Drew Olanoff was The Next Web's West Coast Editor. He coined the phrase "Social Good" and invented the "donation by action" model for onlin Drew Olanoff was The Next Web's West Coast Editor. He coined the phrase "Social Good" and invented the "donation by action" model for online charitable movements. He founded #BlameDrewsCancer. You can follow him on Twitter, Google+, Facebook, or email [email protected]
If you’ve ever had to do a conference call, you know how much of a pain in the ass it is. Most services give you a phone number to call and a special code, which you must give out to the people who will be on the call. Also, you have to rely on the people actually remembering those things and following through by calling.
A pretty neat app for iOS and Android called CrowdCall does all the work for you by calling each and every person who should be on your conference call, and then connecting all of you together. You can have up to twenty people on the call at the same time, and the service is completely free. The best part is, you’re the only person who needs to have the app.
The company behind CrowdCall, Socialdial, is comprised of three co-founders: Randy Adams, who was a lead designer at NeXT computer company, Buck French, who grew and sold OnLink Technologies to Siebel Systems for $609M, and Jing Zhao, a Senior Lead Engineer at Cisco Systems.
When you open up CrowdCall you’re presented with a screen that lets you start adding people to a call from your contact list. All you have to do is choose them one by one, and the app adds them to the list. You can even save the list for future use, if it’s a call that you have regularly. For example, I can set up a list of all of our west coast people and dial them in one button:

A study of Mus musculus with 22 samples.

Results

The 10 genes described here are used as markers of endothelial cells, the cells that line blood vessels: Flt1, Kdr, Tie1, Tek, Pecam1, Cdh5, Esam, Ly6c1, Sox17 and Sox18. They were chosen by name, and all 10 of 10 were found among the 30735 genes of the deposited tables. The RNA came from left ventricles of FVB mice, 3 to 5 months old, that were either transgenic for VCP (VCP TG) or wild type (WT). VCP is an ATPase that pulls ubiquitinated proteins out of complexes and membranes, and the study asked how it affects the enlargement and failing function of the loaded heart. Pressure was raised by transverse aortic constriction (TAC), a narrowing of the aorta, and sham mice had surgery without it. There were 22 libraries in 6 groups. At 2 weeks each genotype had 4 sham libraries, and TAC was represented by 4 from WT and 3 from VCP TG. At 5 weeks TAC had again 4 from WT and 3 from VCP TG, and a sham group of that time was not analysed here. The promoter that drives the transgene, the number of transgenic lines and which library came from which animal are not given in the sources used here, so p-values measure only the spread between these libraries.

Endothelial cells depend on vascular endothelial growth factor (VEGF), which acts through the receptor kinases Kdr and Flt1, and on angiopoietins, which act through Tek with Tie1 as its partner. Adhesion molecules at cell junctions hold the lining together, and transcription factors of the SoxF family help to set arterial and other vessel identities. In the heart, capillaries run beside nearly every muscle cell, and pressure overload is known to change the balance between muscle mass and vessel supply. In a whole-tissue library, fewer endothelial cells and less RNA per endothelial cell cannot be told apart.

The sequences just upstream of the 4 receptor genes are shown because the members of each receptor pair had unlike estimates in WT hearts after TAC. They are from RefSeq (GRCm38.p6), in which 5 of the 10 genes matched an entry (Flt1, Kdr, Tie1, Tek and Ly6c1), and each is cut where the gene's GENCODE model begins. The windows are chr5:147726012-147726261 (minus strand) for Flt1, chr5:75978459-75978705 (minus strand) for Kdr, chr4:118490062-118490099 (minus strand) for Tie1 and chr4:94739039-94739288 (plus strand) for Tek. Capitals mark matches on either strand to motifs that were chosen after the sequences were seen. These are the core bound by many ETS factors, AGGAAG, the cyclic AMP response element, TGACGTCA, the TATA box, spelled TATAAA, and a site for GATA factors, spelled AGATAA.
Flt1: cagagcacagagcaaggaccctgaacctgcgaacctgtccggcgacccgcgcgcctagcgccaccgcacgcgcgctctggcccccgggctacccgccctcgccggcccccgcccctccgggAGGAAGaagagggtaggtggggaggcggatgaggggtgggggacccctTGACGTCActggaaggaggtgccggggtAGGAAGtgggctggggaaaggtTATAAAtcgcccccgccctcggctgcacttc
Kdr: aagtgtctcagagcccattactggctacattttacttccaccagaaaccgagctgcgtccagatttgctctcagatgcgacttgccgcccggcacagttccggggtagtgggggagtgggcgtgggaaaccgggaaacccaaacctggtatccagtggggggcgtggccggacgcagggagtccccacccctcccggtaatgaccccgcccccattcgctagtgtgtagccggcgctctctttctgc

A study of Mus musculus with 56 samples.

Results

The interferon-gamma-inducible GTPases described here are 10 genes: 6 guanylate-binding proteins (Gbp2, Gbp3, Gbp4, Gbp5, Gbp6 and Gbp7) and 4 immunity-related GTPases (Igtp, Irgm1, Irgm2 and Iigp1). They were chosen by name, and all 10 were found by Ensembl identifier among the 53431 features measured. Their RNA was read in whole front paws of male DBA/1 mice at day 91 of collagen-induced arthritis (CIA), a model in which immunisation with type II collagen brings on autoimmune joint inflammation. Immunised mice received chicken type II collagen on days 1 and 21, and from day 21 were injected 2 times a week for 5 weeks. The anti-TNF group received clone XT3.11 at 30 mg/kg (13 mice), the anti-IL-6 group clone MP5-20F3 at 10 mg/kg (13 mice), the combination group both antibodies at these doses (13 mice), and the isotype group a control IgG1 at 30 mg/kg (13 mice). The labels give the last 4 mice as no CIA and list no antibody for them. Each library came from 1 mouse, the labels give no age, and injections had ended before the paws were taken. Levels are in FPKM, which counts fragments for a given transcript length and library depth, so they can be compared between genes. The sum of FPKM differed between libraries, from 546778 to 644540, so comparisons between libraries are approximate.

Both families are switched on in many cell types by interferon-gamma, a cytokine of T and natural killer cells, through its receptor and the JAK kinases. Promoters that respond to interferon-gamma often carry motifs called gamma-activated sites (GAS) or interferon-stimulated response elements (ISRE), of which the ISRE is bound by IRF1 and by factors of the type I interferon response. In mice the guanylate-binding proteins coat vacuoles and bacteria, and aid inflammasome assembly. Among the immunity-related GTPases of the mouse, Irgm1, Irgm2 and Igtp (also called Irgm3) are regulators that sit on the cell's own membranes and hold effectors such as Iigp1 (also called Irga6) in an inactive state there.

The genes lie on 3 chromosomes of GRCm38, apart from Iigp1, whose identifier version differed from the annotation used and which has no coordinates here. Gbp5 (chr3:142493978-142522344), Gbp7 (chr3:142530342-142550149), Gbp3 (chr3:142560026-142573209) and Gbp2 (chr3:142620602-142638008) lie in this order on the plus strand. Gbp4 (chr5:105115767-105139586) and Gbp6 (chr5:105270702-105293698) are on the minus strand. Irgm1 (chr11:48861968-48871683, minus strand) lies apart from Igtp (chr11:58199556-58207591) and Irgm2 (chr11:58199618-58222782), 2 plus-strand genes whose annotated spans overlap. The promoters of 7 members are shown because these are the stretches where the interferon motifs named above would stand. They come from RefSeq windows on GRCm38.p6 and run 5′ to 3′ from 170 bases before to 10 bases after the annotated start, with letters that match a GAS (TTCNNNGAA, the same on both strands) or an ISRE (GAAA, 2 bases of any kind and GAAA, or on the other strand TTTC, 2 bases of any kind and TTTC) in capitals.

Once you hit the “call” button, the service will then dial everyone on the list. The call will appear to come from your number and they’ll be greeted with a recorded message from CrowdCall, letting them know that they’ve been invited to a conference call. You can press 1 to join the call or hang up if you’d rather not.
After you’ve joined the call, everything works as you’ve expected and you can start your conference call. There are two issues with CrowdCall that I’ve found so far. The first one is if someone gets disconnected or chooses not to join the call automatically, there’s no way to add them to the conversation mid-call. The other thing is once the call is over, everyone that you invited gets a text message asking them to download the CrowdCall app.
These two things make this a tough app to rely on for serious business meetings, but for colleagues this shouldn’t be a problem. The fact that this is a free service makes up for some of the downfalls, and being able to save different groups of people and call them with one tap is a huge plus. For example, if you’re a CTO of a company, you can call your entire engineering team in seconds, it’s like a bat signal.
Get the TNW newsletter
Get the most important tech news in your inbox each week.